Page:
Lyft, the ride sharing app, has just launched a new feature which allows patients to schedule rides on their own. Although using ride-sharing apps in healthcare isn't novel; previously, healthcare organizations or insurers were required to schedule Lyft on behalf of the patient. Now, the healthcare organizations can send a patient a code or a link and the patient can schedule the ride themselves.
It appears Lyft is helping organizations safe guard against fraud and abuse concerns arising from the Civil Monetary Penalties Law (CMPL) and the Anti-Kickback Statute by allowing the organizations to actively monitor and set parameters on the costs per ride, approving pick up and drop off locations, setting the times the passes can be used and setting budgets for the overall program.
During the pandemic HHS OIG has provided some guidance about the fact that it is using its enforcement discretion for certain types of arrangements. Nearly a year ago, they included an FAQ regarding free transportation. See OIG FAQ on COVID-19 Enforcement Authorities. It's not a proverbial get-out-of-jail free card, but could be of use to certain providers, especially coupled with Lyft's new feature.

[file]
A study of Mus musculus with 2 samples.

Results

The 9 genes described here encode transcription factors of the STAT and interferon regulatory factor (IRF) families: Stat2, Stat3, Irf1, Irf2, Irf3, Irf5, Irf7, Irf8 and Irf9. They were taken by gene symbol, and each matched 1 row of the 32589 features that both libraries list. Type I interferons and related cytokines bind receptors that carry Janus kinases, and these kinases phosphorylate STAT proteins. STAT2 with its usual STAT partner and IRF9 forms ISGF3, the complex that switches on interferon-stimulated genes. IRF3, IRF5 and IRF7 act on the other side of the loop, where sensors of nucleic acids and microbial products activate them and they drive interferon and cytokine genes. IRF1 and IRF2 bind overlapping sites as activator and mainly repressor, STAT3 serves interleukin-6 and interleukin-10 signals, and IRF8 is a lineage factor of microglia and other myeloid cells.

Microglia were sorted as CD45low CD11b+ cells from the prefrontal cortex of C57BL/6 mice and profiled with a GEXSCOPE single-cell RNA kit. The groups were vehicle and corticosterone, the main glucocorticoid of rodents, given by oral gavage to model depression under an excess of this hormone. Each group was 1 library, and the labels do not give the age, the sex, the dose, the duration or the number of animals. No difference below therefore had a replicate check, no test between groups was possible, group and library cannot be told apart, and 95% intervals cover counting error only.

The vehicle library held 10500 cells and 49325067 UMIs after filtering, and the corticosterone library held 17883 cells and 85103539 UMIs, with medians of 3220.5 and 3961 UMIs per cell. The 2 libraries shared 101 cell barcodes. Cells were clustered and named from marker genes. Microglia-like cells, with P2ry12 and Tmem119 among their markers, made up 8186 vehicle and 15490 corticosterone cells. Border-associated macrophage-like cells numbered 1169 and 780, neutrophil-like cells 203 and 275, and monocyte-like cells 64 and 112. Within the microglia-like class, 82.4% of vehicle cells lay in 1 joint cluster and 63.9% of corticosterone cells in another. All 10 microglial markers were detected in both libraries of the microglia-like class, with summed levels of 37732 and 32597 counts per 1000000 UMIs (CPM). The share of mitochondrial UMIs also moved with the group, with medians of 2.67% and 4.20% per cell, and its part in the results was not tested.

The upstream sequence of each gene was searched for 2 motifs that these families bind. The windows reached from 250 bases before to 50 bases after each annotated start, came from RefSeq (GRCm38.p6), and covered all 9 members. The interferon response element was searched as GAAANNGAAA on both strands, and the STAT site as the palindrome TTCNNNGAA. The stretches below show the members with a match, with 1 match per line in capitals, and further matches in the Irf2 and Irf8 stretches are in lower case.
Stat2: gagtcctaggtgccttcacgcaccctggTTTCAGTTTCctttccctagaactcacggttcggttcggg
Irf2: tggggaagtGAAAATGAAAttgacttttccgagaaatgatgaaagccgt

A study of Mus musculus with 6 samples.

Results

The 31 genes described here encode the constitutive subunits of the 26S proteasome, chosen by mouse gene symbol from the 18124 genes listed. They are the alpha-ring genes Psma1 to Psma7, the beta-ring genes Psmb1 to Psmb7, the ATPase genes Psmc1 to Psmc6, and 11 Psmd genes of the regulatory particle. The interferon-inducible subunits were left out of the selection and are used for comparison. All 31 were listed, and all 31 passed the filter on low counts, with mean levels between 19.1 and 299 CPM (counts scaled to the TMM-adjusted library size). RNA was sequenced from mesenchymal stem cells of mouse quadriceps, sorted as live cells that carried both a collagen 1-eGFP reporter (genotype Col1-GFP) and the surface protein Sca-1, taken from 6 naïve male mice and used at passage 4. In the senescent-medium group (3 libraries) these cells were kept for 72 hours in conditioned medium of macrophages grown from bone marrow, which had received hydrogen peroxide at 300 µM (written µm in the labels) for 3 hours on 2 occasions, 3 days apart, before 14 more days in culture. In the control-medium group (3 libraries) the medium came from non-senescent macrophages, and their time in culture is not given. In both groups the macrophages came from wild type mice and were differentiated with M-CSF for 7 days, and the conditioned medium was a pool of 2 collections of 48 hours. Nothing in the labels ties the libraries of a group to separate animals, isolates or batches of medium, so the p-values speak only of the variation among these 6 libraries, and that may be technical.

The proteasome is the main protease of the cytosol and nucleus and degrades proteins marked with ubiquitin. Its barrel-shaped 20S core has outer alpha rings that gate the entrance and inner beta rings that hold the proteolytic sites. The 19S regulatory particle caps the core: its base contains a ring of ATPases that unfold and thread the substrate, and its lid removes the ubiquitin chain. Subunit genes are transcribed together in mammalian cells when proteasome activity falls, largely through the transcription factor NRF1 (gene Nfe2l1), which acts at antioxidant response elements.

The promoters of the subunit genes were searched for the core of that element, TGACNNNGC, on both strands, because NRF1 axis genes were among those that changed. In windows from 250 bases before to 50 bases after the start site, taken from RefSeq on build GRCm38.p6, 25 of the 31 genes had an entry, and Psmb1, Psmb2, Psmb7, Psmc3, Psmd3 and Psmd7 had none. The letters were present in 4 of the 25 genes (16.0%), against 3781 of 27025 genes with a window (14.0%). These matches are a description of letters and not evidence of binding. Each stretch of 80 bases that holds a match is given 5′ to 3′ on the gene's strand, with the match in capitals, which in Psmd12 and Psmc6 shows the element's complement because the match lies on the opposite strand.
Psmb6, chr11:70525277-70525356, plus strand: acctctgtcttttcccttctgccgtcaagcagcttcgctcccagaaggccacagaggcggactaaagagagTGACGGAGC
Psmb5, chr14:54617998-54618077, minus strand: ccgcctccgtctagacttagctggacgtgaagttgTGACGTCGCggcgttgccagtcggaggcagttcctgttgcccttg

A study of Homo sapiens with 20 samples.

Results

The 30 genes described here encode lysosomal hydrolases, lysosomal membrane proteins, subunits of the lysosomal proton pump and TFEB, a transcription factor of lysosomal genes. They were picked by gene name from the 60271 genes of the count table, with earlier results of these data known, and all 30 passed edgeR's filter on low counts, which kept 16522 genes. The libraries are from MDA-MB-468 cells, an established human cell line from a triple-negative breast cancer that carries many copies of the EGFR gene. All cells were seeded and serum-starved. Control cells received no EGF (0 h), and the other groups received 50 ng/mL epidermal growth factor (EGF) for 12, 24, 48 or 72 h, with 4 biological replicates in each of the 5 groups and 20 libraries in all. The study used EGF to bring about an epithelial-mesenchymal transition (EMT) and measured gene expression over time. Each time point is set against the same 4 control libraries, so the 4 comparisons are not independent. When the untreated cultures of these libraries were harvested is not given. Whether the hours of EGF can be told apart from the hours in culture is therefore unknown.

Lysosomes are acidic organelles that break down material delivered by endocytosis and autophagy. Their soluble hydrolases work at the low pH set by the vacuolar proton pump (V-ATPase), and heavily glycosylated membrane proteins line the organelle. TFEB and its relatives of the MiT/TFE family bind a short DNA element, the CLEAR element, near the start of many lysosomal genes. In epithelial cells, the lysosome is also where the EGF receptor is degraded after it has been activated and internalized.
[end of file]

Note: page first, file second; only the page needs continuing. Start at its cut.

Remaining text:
Despite Lyft's safeguards and the OIG FAQs, it's vital that the organizations set policies that are in compliance with the fraud and abuse laws as well as their payor contracts and seek appropriate guidance from their legal teams.
The organization partnering and paying Lyft will be able to: set the budget for the program, put a cap on cost per ride, approve pick-up and drop-off locations, and set the times when passes could be used.